Because of the recent political surprises, delivered by the supporters and users of populistic policy strategies and communication, the phenomenon of populism has become one of the most discussed subjects both in the EU and USA. The Centre for East European Policy Studies (CEEPS) presented its latest book “The Rise of Populism: Lessons for the European Union and the United States of America”, at the European Union House (Riga), on November 24th. The book has been co-edited by Andis Kudors, CEEPS’s Executive director and Dr. Artis Pabriks, member of the European Parliament.
In the foreword of the book, Dr. A. Pabriks points out that “during recent years in different parts of the world, including established Western societies, we have witnessed a series of political events such as elections, referendums, changes of governments and Presidents, which seem to be difficult to explain in accordance with previously established conventional political measurements. Frequently, these political “surprises” have been associated with rising populist sentiments in politics as well as in society in general. The aim of this book was to analyse the phenomenon of populism and explain its rebirth considering the current situation in the political and social economy. I very much hope this book will shed light to our path going forward, and will help us not to fall for the naked promises of populists once more.”
What defines populism nowadays and what are the reasons behind its rise in use and public support? What part has it played in the unexpected outcomes of political events in the UK, EU and USA? How populism functions in different European countries such as Germany, France, Greece and the Baltic States? What part in the spread of populist messages do the media play? Has the year 2016 been the highest point for populism or has it only begun its journey to the centre of politics in Europe? The aim of this collection of articles is to seek answers to these questions and continue the debate on the nature of populism, to analyse the experience of the US and the EU and produce conclusion-based recommendations to politicians and decision-makers. This book features the work of researchers from Latvia, Germany, France, UK, Greece and USA.
Presentation of the new book was opened by its co-editor – CEEPS’s Executive director Andis Kudors and Elisabeth Bauer – head of the Konrad Adenauer Foundation office for the Baltic States and Scandinavia. The event featured main conclusions on the research theme from the co-authors of the book – Dr. Ilze Balcere, researcher of the Advanced Social and Political Research Institute, and Dr. Florian Hartleb, political consultant and researcher. Dr. Ilze Balcere focused on the theoretical perspective of populism, its roots in history, the modern definition of populism and its theoretical boundaries. In his turn, Dr. Florian Hartleb presented his assessment of the recent elections in Germany and the Netherlands, taking into consideration the rise of populism in the political area of these countries, caused by the migration crisis. Co-editor of the book and member of the European Parliament Dr. A. Pabriks shared his opinion and experience when witnessing populism in the politics of Europe. Presentation was moderated by Māris Cepurītis, researcher at the CEEPS. Attendees had a chance to ask questions to the authors of the book at the end of the event.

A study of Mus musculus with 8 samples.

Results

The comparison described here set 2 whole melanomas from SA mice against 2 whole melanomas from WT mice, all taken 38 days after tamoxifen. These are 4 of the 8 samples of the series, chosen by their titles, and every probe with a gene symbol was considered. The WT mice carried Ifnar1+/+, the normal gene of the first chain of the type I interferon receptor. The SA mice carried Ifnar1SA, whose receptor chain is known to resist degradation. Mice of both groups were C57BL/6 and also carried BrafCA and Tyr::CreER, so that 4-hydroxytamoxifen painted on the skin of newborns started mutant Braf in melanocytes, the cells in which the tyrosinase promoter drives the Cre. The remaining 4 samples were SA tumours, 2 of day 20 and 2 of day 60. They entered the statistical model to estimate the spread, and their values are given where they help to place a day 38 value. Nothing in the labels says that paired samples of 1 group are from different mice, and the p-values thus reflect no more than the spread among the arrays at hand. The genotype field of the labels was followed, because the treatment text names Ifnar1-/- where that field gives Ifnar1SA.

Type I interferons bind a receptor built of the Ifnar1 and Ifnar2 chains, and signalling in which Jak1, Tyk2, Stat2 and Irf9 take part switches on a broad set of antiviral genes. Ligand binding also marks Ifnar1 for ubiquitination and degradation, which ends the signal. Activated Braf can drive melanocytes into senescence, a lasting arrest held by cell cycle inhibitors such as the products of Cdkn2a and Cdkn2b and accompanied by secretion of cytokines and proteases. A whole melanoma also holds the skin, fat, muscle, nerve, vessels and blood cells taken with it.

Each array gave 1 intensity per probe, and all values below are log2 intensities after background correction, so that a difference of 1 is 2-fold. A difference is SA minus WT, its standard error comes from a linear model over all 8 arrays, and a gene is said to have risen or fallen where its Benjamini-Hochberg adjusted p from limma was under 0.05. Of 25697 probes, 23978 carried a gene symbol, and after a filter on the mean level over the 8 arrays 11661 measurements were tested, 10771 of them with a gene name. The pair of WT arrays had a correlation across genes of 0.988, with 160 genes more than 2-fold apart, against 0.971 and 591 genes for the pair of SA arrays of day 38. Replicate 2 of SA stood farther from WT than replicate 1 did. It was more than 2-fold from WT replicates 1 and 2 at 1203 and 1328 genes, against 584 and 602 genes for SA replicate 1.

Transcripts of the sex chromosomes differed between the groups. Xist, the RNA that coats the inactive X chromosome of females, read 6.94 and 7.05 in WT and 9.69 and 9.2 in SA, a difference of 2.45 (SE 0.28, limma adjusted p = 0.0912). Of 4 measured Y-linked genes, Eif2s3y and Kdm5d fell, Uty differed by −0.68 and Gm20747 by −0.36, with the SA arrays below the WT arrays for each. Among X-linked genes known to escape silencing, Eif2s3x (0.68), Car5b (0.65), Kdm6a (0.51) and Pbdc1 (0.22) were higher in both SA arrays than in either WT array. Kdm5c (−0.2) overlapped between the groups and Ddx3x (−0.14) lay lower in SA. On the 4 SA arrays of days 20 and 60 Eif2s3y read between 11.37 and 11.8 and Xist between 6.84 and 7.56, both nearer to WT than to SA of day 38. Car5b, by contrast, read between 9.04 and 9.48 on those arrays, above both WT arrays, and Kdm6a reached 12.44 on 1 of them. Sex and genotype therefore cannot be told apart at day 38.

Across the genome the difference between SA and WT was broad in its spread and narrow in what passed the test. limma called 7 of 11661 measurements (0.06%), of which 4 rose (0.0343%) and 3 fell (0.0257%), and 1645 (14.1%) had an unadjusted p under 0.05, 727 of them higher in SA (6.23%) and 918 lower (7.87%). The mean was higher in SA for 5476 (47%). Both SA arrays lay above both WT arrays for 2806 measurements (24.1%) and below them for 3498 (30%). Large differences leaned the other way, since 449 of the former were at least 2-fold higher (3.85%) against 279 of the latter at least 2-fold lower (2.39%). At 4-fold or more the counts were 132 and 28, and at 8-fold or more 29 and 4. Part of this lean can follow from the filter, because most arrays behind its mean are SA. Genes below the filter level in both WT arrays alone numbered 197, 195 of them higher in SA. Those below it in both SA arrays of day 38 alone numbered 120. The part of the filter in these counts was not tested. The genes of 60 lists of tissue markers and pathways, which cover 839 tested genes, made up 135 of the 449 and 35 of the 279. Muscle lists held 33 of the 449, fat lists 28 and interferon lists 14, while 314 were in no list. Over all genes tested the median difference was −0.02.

People are accustomed to consider populism as a part of the political practise. However, populism is no longer to be found exclusively in politics, it has also spread to the areas of media and economy. Co-author of the book Anda Rožukalne explains the notion of media populism, the main characteristic of which is the media’s choice to put economic interests above those of the society. Brexit can be viewed as an example for the dissemination of populistic messages by the media in the UK. Populistic style of communication encloses emotional communication, provocation and negative characterisation of the opponent. It is concluded in the book, that this style of communication is widely spread by the media, because of its harshness, as it attracts a wider audience.
Although the wave of populism has reached the EU and USA only in the past few years, researchers have discussed the nature of populism for a long time now and not always in negative terms. Co-author of the book, professor Michael Kazin (USA) points out in his article that sometimes populism can be a necessary remedy for bettering the way a democracy works.
The book has been published in English, and its electronic version can be accessed here.
This collection of articles has been published with the support of the European People’s party (EPP) Group at the European Parliament and the Konrad Adenauer Foundation.